The stories are a little disturbing, even if you don’t have kids at home: Moms who confess that they love one child more than another. People who decide they don’t want to be a full-time parent. Study after study showing that non-parents are happier than parents.

Is the latest parenting trend “parents who hate parenting”?

“Parents of young children report far more depression, emotional distress, and other negative emotions than non-parents, and parents of grown children have no better well-being than adults who never had children,” points out Robin Simon, a sociologist at Wake Forest University.

New studies by Richard Eibach and Steven Mock, psychologists at the University of Waterloo in Ontario, Canada, confirmed that people idealize parenthood in order to justify the costs, which are mind boggling—more than $200,000 to raise a child born in 2007 to age 18, according to U.S. Department of Agriculture data.

“Although raising children has largely negative effects on parents’ emotional well-being, parenthood is often idealized as a uniquely emotionally rewarding role,” wrote Eibach in the abstract for his studies, which were published in the February 2011 issue of “Psychological Science.” Or, as Time Magazine explained it: “Having kids is an economic and emotional drain. It should make those who have kids feel worse. Instead, parents glorify their lives. They believe that the financial and emotional benefits of having children are significantly higher than they really are.”

The financial benefits of parenthood were very different just a few generations ago. And our expectations were, too. Back when children were thought of as commodities, rather than tiny treasures, it was the norm for a young woman to go from her parents home to her husband’s, and to start having kids soon after. Now, more men and women are having children later in life, and that may lead to dissatisfaction with parenthood simply because, after having established their careers and their finances and themselves before having kids, they know exactly what they’re giving up when Junior arrives. And they miss it.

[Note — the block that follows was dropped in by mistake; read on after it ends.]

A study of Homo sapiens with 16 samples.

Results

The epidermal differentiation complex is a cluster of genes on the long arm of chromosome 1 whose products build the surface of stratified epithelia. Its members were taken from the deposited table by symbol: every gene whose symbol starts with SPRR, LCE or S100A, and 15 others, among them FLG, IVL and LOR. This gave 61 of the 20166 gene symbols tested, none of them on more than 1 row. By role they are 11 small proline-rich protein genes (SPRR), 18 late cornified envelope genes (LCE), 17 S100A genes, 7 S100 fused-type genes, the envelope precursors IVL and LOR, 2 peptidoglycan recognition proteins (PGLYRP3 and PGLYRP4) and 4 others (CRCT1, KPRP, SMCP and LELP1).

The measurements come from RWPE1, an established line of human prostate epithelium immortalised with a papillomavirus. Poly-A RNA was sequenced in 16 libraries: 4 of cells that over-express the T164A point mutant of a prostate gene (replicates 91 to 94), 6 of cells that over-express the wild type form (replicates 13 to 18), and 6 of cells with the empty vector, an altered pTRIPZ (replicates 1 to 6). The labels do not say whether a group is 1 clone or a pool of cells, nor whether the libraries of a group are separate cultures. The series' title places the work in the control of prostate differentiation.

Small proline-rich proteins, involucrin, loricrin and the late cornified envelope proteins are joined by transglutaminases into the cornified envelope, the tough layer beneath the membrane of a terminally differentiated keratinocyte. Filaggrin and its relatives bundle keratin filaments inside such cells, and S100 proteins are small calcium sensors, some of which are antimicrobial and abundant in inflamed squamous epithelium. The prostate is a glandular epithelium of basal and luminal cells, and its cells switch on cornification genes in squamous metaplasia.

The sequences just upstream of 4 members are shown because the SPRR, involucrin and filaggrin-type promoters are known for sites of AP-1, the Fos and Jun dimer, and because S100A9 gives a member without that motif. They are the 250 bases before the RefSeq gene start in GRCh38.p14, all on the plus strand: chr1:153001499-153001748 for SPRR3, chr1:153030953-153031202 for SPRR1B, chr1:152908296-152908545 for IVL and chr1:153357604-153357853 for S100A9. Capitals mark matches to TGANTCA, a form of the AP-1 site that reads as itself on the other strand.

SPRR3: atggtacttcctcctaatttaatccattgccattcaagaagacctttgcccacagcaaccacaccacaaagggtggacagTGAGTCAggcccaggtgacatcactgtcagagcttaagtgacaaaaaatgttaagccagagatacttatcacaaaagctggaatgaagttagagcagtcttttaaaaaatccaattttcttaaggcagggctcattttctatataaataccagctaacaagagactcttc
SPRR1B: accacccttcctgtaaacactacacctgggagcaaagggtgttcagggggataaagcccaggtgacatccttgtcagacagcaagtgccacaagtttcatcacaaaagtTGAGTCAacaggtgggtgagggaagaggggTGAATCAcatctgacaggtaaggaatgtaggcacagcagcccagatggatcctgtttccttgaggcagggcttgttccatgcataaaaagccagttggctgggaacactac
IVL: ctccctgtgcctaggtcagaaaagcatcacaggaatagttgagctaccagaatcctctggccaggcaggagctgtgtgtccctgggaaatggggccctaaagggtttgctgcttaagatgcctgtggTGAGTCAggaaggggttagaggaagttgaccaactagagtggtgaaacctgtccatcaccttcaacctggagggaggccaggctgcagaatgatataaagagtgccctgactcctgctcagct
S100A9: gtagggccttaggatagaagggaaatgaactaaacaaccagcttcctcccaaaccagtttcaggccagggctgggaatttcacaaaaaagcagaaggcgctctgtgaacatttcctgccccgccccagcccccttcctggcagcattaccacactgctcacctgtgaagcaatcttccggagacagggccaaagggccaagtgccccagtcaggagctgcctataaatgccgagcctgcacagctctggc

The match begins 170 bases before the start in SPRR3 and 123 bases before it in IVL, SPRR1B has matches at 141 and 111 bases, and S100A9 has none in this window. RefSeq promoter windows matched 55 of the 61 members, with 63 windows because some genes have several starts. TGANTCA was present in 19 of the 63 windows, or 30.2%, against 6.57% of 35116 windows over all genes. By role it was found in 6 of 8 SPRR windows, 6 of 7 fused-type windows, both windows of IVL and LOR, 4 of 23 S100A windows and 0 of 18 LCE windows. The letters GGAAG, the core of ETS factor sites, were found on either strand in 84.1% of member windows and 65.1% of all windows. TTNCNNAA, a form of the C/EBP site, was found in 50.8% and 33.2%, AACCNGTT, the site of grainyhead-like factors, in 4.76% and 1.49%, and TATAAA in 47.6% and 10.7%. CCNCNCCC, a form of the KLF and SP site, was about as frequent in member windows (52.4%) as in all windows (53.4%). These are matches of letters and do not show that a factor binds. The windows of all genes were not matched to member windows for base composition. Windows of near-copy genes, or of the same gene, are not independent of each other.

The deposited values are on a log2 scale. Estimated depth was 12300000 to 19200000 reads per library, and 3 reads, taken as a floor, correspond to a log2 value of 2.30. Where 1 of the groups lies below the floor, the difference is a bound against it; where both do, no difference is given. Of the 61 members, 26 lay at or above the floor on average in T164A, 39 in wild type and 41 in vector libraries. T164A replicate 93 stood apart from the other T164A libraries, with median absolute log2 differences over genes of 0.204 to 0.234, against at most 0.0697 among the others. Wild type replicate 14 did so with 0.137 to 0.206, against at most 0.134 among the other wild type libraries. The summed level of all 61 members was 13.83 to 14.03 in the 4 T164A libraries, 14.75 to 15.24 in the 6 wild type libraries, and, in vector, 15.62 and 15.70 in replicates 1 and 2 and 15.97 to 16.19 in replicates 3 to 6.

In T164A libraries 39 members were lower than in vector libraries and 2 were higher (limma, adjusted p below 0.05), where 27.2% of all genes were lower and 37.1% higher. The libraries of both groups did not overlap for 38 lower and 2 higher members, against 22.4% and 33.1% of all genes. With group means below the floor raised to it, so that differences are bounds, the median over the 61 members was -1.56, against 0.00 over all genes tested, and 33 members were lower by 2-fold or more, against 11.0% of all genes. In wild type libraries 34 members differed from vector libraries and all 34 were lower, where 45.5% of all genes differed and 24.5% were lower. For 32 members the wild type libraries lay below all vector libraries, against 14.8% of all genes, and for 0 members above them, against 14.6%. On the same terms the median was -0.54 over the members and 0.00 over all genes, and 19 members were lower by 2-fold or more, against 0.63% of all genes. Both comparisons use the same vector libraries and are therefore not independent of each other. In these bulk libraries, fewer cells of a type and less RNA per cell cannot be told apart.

In a New York Magazine article titled “All Joy and No Fun,” writer Jennifer Senior points out that there’s a difference between feeling happy and feeling rewarded, that having a strong support system leads parents to feel happier, and that when it comes to parenthood, the gulf between our fantasies and reality is huge. Like marriage, parenthood is often portrayed as being full of wonderment and joy, and it is, but let’s face it: They don’t call them “The Terrible Twos” for nothing. And the teenage years are no picnic, either. There’s also a big difference between “like” and “love”; we’re not likable all the time, why do we expect our kids to be?

But when it comes to happiness and parenting, I’d argue two things: First, the fact that we can focus so intensely on personal happiness means that we’ve got it better than most people in the world. And second, sure, when you look at the cost analysis, having kids isn’t strictly rational—but then again, neither are many other things we do. Focusing on how much you hate parenthood isn’t helpful when it’s still one of the most important jobs we have.

Susan Callahan, co-author with Anne Nolen and Katrin Schumann of “Mothers Need Time-Outs, Too,” points out that the intense focus on our children can lead many moms to resent motherhood. “We believe that parents, and women in particular, run into a couple stumbling blocks when parenting,” Callahan says. “The three big themes tend to be perfectionism, multitasking, and stress.”

After interviewing more than 500 women while researching their book, Callahan says that she and her colleagues found that “perfectionism is the number one issue keeping modern mothers from enjoying the moment.”

“We are all so busy trying to be everything to everyone—and doing a stellar job while we’re at it—that we don’t have a spare second to plug into our own needs or desires,” she points out. She offers these 10 tips to help moms give themselves permission to take care of themselves and, in doing so, find more joy in parenting:

1. Give yourself a break—you don’t need to be so hard on yourself.
2. Just say no! What are your real priorities?
3. Take time to write it down. Journaling will bring clarity to your life.
4. Slow down and savor living in the moment.
5. Plug into your kids so you can really connect with them.
6. Don’t forget about your husband—intimacy is life-affirming!
7. Reach out beyond your family. It will enrich everyone.
8. Make your physical and mental health a priority.
9. Is more always better? Simplify everything.
10. Be a little selfish—you deserve it, and it will make you a better mother.

So, what do you think about this issue, please leave me a comment and let me know. Subscribe our RSS to receive latest parenting updates.